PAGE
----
Grammar Indefinite Pronouns |

An indefinite pronoun is one that refers to an unspecified or unidentified person or thing. Unlike a definite pronoun, it is vague, and it does not have an antecedent.

She drives the car. (The pronoun reference is specific to a person.)

Anyone can drive the car. (The pronoun reference is general; no particular person is identified.)

Indefinite pronouns can also refer to nouns or noun phrases that have been named or will be named:

Thousands of microbreweries have sprouted up in the U.S., but few are as good as that one. (general reference to a nonspecific group of microbreweries)

Many of those dog owners have their pet groomed every month. (nonspecific reference to a general group of dog owners)

The following table includes common indefinite pronouns:

all everyone none
another everything no one
any few nothing
anybody less one
anyone many other(s)
anything more several
both most some
each much somebody
either neither someone
everybody nobody something

Now let’s look at indefinite pronouns in subcategories that help to further define them: quantifiers, universals, partitives, and determiners.

Indefinite Pronouns: Quantifiers

When an indefinite pronoun suggests the quantity of something, it acts as a quantifier. Quantifying indefinite pronouns include words such as more, some, many, and few.

Some of you will just never see the genius behind the lawnmowing app I invented. (The indefinite pronoun some indicates an unknown, nonspecific number in a group.)

Many will be responsible for flying their own kites. (The indefinite pronoun many indicates an unknown, nonspecific number of people.)

Indefinite Pronouns: Universals

When an indefinite pronoun indicates a general, all-inclusive group, it acts as a universal. Universal indefinite pronouns include words such as each, both, all, and everyone.

Everyone can join us at the picnic by the lake. (The indefinite pronoun everyone is all-inclusive and nonspecific.)

Both may prove to be the winners. (The indefinite pronoun both indicates an unknown, unspecific pair of people; note that in this sentence the pronoun does not have a clear antecedent; the word winners is a predicate nominative in the infinitive phrase to be.)

Indefinite Pronouns: Partitives

When an indefinite pronoun indicates parts of a whole, it acts as a partitive. Partitive indefinite pronouns include words such as any, anyone, either, and neither.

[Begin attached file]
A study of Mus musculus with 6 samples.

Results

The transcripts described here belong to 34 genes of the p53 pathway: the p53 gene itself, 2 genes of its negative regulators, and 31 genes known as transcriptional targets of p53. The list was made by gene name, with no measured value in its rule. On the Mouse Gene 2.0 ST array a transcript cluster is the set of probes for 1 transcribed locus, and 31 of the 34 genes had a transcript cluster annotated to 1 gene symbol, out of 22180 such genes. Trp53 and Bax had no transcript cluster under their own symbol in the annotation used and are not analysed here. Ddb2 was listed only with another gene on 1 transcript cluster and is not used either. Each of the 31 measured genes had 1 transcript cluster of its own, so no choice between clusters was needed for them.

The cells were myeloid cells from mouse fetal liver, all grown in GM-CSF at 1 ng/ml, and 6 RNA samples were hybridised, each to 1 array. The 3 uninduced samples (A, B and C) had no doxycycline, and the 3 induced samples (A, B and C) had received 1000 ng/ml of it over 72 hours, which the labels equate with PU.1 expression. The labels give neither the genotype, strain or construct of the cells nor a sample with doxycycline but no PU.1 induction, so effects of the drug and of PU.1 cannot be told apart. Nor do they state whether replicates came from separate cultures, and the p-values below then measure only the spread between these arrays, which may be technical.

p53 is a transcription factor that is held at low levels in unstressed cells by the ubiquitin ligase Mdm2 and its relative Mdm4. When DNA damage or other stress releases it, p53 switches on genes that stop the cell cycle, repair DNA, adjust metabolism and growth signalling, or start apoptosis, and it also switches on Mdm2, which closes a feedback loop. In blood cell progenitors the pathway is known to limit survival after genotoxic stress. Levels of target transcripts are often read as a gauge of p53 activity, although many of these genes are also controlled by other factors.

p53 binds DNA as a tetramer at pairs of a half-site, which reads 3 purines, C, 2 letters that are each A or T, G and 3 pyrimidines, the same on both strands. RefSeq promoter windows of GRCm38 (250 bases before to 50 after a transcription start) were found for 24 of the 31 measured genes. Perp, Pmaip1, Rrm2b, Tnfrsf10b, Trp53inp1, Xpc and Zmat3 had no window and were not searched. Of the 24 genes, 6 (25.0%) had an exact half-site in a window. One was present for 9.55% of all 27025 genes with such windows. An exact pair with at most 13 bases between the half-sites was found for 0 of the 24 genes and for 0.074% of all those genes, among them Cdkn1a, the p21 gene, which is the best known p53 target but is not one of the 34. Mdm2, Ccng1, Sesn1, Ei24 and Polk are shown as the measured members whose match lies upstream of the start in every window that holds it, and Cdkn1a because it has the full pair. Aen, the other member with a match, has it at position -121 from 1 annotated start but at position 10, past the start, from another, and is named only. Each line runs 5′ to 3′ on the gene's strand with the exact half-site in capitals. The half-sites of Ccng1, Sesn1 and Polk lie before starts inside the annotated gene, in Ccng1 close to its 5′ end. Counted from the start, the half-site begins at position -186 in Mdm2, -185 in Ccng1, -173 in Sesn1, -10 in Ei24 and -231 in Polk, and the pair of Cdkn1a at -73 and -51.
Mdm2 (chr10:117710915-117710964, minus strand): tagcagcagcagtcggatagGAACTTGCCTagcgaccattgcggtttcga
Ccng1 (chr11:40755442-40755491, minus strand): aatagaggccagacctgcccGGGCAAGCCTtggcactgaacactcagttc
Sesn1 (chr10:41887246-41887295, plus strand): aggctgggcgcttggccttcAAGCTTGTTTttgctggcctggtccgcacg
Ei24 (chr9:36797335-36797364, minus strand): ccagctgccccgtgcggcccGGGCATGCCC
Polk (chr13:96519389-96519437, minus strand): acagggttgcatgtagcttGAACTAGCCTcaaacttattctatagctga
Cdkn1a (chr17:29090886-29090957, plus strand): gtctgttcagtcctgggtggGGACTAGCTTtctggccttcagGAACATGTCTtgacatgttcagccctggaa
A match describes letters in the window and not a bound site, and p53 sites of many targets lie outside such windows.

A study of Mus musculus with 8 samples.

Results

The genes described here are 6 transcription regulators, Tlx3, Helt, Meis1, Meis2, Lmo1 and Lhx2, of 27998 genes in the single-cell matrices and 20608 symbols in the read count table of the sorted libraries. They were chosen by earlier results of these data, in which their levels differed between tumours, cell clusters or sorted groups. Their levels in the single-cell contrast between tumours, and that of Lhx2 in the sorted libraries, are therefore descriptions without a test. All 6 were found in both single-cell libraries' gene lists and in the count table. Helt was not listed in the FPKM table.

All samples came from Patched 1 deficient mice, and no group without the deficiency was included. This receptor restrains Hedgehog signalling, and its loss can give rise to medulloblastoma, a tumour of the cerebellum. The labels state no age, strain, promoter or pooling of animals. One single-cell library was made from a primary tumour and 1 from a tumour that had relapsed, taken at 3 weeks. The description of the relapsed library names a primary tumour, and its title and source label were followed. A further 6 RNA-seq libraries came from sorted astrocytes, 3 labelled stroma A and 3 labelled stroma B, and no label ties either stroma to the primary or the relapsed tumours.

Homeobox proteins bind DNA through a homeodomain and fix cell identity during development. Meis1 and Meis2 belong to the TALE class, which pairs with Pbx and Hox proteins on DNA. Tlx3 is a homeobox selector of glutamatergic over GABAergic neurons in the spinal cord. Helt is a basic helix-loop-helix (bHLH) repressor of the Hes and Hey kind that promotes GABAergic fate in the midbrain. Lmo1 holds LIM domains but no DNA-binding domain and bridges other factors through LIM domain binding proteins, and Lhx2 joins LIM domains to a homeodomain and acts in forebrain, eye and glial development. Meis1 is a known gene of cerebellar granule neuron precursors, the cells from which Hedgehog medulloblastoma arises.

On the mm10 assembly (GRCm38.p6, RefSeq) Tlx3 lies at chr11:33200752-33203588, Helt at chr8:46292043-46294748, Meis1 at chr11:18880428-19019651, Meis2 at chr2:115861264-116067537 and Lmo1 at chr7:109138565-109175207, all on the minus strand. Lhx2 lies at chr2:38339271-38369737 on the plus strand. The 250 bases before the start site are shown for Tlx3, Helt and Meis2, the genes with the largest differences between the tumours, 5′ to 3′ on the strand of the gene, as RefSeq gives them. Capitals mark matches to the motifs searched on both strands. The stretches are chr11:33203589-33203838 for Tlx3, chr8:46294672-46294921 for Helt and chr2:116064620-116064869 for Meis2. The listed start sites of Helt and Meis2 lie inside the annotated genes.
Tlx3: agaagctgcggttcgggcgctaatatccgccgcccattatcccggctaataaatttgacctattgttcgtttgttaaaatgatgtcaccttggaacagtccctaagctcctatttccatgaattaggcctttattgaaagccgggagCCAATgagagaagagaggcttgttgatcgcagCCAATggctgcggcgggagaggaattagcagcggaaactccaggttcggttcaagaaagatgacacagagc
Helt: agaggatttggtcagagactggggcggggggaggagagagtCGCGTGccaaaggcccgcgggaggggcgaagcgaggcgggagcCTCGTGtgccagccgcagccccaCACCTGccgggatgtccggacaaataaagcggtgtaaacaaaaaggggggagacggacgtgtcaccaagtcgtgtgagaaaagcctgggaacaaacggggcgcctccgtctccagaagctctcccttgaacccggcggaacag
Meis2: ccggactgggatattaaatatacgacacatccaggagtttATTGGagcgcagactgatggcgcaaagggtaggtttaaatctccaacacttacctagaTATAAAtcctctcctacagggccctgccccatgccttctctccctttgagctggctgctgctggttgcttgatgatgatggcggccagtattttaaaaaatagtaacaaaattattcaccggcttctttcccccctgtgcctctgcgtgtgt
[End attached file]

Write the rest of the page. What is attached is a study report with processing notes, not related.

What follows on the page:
Anyone can sign up for the free hula hoop lesson. (The indefinite pronoun anyone suggests individual members of an unknown, nonspecific group; while the difference may be subtle, this pronoun has a more segmented meaning than everyone.)

Either may stand watch at the gate. (The indefinite pronoun either suggests an unknown, unspecific pair of people; the key here as in the universal both above is that the sentence does not have a clear antecedent, which makes the pronoun indefinite.)

Indefinite Pronouns: Determiners

Indefinite pronouns can serve as determiners, which modify nouns rather than act or stand in for them.

Some senior citizens like amusements parks. (Some is a determiner acting as an adjective modifying senior citizens; compare this usage with some like amusement parks.)

Few musicians become millionaires. (Few is a determiner acting as an adjective modifying musicians; compare this usage with few become millionaires.)

English includes different kinds of pronouns, such as personal, demonstrative, relative, reflexive, possessive, and interrogative pronouns. In this review, we took a closer look at indefinite pronouns.

Related Topic

Anymore, Any more; Anyone, Any one; Everyone, Every one; Everybody, Every body
Subject and Verb Agreement with Collective Nouns

Pop Quiz

Identify any indefinite pronouns in the following sentences.

1. Don’t worry—another will step in to provide a solution.

2. On this island, most nights are filled with stars.

3. Something must be done about these shoelaces that won’t stay tied.

4. She is an astute student who prepares well for exams.

5. If you’re making me decide, I’ll say that neither is qualified to operate that forklift.

 

Pop Quiz Answers

1. Don’t worry—another will step in to provide a solution.

2. On this island, most nights are filled with stars.

3. Something must be done about these shoelaces that won’t stay tied.

4. She is an astute student who prepares well for exams. no indefinite pronoun

5. If you’re making me decide, I’ll say that neither is qualified to operate that forklift.


  1. Patricia Schiavone says:

    I’m confused with the “determiner” indefinite pronouns. Wouldn’t these words be considered as adjectives?

    • GrammarBook.com says:

      Determiners do act as adjectives, since they modify nouns rather than replace them.